Very thought-provoking article from Novel Publicity here.
Although I don’t rate books using the star system, Chand explains her own personal system quite well. What caught my attention most were the books she rates as one-star… because she couldn’t finish them.
A couple of weeks ago, I started reading a self-published novel (and I have no intention of telling you the title or the author, since it would be unfair of me to publicly denigrate a book I – strictly speaking – haven’t actually read.)
I very, very rarely ever ditch a book – it’s sort of a principle with me. And from years of working closely with teenage writers, I’ve learned the art of finding things to genuinely praise, even if the book is overall a misfire.
This book? It was a doozy.
I’d initially picked it up because the title and premise sounded promising and the E-book itself was free, and I was planning on reviewing it here after finishing. But by chapter four, I had to face it: I hadn’t one positive thing to say about this book (except that the title and cover were, and are, still cool).
As well as being a reader, blogger, reviewer and wannabe editor, I’m an (unpublished) writer, too. I get it. I really do. If I found a review of my work that did nothing but detail how shit the reviewer thought it was, I’d cry for days. And possibly not write again for months.
Oh, yes. We writers should have thick skins. I should also have a million dollars, but let’s face it: if it were that easy, we’d all be millionaires and much better writers, revelling in the sharpest concrit imaginable.
Not. Going. To. Happen.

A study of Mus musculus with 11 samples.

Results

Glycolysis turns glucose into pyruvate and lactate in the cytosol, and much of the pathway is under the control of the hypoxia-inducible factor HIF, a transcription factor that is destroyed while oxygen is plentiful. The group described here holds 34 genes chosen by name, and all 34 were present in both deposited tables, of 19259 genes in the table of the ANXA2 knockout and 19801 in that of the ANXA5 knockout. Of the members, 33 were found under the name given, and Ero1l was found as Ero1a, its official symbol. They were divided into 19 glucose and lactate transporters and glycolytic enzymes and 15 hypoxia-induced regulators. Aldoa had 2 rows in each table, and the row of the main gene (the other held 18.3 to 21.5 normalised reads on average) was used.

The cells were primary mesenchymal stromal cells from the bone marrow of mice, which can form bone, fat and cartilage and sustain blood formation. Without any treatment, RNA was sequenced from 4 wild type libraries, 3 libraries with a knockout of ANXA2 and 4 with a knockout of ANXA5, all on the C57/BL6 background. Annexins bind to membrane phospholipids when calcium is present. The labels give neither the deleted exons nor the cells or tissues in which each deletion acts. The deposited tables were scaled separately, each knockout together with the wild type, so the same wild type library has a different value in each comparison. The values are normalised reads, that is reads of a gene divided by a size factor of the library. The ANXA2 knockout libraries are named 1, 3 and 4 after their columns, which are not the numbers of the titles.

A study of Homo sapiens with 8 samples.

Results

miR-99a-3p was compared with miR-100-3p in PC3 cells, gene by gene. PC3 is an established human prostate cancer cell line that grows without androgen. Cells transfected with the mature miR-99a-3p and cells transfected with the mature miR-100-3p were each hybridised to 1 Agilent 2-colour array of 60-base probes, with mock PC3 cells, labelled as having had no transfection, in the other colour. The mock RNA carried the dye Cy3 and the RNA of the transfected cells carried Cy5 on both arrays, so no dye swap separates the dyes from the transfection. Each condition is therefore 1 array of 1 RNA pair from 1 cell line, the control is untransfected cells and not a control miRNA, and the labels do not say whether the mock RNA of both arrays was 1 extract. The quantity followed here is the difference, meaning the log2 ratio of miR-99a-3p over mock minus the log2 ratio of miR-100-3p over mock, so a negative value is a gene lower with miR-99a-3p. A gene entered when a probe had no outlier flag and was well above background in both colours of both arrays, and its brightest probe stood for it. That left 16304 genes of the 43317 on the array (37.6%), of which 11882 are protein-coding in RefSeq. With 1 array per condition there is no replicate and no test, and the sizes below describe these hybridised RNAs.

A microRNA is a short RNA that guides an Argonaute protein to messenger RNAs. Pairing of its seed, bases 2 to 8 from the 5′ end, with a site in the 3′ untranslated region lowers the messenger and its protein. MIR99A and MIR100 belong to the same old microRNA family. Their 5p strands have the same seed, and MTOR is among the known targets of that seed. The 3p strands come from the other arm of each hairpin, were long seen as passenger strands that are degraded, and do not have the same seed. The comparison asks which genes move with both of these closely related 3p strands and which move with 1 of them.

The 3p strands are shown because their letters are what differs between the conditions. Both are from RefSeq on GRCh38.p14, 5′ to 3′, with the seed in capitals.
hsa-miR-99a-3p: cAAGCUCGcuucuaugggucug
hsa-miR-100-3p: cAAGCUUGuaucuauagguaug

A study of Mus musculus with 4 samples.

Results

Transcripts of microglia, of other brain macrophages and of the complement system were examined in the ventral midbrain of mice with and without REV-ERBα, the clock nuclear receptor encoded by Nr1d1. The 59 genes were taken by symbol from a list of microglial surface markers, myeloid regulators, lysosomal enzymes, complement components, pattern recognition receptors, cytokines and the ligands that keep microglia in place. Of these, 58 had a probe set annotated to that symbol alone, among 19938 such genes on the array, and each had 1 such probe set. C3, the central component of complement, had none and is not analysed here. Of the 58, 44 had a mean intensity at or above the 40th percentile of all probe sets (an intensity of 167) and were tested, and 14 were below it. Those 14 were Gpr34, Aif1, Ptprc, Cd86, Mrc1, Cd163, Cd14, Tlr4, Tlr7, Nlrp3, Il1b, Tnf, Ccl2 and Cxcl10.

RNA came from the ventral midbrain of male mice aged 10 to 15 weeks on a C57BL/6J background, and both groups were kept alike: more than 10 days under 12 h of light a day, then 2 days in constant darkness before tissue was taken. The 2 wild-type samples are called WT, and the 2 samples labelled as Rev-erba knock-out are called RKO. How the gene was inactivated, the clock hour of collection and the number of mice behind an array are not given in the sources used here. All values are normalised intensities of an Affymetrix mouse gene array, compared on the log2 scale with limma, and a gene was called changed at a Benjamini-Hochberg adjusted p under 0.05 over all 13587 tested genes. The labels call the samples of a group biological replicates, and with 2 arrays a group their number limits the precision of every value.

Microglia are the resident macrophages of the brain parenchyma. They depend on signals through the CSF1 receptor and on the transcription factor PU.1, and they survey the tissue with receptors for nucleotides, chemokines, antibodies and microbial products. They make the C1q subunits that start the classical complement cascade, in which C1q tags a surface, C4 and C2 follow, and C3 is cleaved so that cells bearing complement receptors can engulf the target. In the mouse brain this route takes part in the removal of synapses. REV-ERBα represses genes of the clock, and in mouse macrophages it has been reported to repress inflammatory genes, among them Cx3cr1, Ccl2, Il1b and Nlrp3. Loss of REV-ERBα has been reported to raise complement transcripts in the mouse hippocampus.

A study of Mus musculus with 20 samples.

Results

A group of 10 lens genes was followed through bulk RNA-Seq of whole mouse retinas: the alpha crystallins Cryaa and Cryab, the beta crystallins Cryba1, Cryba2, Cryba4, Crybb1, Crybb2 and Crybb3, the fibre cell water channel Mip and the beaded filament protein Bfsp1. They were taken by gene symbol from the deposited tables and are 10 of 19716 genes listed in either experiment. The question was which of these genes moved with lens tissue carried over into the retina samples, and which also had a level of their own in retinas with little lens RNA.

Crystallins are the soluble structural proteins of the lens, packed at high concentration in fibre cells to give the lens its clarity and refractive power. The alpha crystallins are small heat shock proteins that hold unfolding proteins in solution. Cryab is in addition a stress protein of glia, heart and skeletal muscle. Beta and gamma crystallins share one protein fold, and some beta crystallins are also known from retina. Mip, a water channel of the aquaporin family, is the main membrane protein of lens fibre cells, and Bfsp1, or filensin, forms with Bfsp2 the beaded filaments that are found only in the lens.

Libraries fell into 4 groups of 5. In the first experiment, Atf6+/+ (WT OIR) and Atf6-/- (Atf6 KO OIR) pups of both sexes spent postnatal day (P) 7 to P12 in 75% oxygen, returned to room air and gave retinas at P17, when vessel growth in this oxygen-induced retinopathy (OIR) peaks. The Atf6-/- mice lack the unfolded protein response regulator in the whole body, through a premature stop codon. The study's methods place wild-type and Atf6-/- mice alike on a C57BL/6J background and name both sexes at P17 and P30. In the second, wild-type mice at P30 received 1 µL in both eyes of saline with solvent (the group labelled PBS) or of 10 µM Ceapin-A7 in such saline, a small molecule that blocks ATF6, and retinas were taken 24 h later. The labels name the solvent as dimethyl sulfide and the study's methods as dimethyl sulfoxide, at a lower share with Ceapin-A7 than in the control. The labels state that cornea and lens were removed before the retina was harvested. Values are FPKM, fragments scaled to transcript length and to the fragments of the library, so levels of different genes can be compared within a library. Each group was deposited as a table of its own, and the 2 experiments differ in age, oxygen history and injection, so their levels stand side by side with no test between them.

My dilemma of whether to give this book a negative review or none at all was made a little easier on me for two reasons: first, I’d chosen to read the book myself, and the author had no idea I’d even read their work, let alone thought so little of it. Secondly, the E-book was free.
Since I also review on request, it’s already occurred to me: What if someone asks me to review their book, and it’s a bad, bad, bad, bad book? And what if they’re charging people for the privilege of reading it?
My mother sometimes tells the story of seeing her neighbour’s newborn daughter for the first time – and physically recoiling before she could help herself. All babies are cute, she told me later, but that one was not beautiful.
If a writer trusts me with their hard work, and I can’t bring anything positive to the table, that’s what I’ll feel like. I’ll feel like I just told a proud new mother that her baby is ugly.
Luckily, I don’t think there’s much danger of that happening. I’ve read over 100 books in the past six months, and abandoned only one of them. I like those odds.